May 14, 2010


On appeal from a Final Agency Decision of the New Jersey Department of Corrections.

Per curiam.


Submitted April 28, 2010

Before Judges Graves and J. N. Harris.

Appellant Kenneth Collins--formerly incarcerated at Kintock-Bridgeton, a residential community release program-- appeals from the final administrative disciplinary determination of the New Jersey Department of Corrections rendered against him on April 19, 2009. Although originally charged with prohibited act .204A, N.J.A.C. 10A:4-4.1(a).204A ("use by an inmate who is assigned to a Residential Community Program of any prohibited substances such as drugs, intoxicants or related paraphernalia not prescribed for the inmate by the medical or dental staff"), Collins was instead found guilty of prohibited act .552A, N.J.A.C. 10A:4-4.1(a).552A ("being intoxicated while the inmate is assigned to a Residential Community Program"). We affirm.

On April 4, 2009, upon his return to Kintock Building No. 1 from an authorized pass, Collins was patted down by a staff member who detected the odor of an alcoholic beverage on Collins's breath. Other staff members were called over to observe Collins and they too smelled the remains of what was believed to be an alcoholic beverage. These staff members also observed Collins swaying, failing to maintain eye contact, slurring his speech, and appearing to have a glazed-over appearance. Believing Collins to be intoxicated, the staff had him transported to South Woods State Prison, where an intake nurse examined him before readmission to the prison and noted that Collins appeared to be moderately inebriated as a result of alcohol ingestion.

The next day, Collins was served with written charges, which resulted in reference to a hearing officer scheduled for April 8, 2009. A counsel substitute was provided to Collins, whereupon appellant chose not to make a statement, offer evidence, or enter a plea on his behalf. After considering the reports of staff members who were present and interacted with Collins at the time of the incident, the hearing officer modified the accusation from prohibited act .204A to .522A, and found Collins guilty of the amended charge. Sanctions were imposed as follows: ten days detention; sixty days loss of commutation credit; ninety days' administrative segregation with sixty days suspended; and thirty days loss of recreation privileges.

Collins appealed the disciplinary action to the prison administrator, who upheld the findings related to guilt, but modified the sanctions, eliminating the ten days detention if Collins remained violation free for at least sixty days. This appeal followed.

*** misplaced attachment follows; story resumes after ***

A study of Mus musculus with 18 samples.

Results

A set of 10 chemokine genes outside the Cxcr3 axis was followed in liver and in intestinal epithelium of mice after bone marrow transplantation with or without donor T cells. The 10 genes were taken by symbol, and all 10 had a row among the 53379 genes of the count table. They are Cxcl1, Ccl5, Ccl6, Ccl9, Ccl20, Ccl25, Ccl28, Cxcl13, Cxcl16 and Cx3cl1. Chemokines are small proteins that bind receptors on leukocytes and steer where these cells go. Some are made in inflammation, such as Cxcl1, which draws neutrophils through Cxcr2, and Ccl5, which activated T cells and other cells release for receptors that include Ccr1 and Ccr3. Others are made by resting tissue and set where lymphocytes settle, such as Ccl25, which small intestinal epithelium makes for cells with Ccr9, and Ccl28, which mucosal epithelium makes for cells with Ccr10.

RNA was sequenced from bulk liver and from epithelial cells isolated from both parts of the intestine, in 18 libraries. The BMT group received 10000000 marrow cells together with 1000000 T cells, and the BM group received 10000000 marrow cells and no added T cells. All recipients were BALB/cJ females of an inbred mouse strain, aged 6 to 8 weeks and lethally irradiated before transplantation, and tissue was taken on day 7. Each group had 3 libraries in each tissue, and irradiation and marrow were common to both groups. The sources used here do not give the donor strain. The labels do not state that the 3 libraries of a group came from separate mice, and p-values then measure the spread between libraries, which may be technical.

Collins raises several issues before us that he did not argue during the administrative proceedings. For example, he now complains that he was denied the opportunity to develop or utilize exculpatory evidence when prison officials allegedly refused to administer a breathalyzer test, and he was also denied the right to review videotape recordings from the Kintock facility taken at the time he arrived. On appeal, Collins further criticizes the advice he received from his counsel substitute who allegedly advised him not to make any statements at the hearing and not to enter a plea. We have reviewed all of Collins's appellate arguments indulgently and are convinced that they lack sufficient merit to warrant full discussion in a written opinion. R. 2:11-3(e)(1)(E). We add only the following brief comments.

At the outset we acknowledge that "[c]courts have a limited role in reviewing a decision of an administrative agency." Henry v. Rahway State Prison, 81 N.J. 571, 579 (1980). "Ordinarily, an appellate court will reverse the decision of the administrative agency only if it is arbitrary, capricious or unreasonable or it is not supported by substantial credible evidence in the record as a whole." Id. at 579-80. We find that the agency's decision in this case was not arbitrary, capricious or unreasonable given the facts presented, and conclude that the decision was supported by substantial credible evidence in the record as a whole.

The failure to raise the issues of the breathalyzer and videotape evidence in the administrative tribunal precludes the furthering of those arguments on appeal. As these issues were not originally presented in the disciplinary proceeding, they are not properly before us. State v. Robinson, 200 N.J. 1, 20 (2009); Nieder v. Royal Indemn. Ins. Co., 62 N.J. 229, 234 (1973).

Substantively, there is more than ample proof in the record to furnish substantial evidence of Collins's guilt. McDonald v. Pinchak, 139 N.J. 188, 201 (1995). Procedurally, we are satisfied that Collins received at least the minimum level of due process owed to him at a prison disciplinary hearing. Avant v. Clifford, 67 N.J. 496, 528-33 (1975).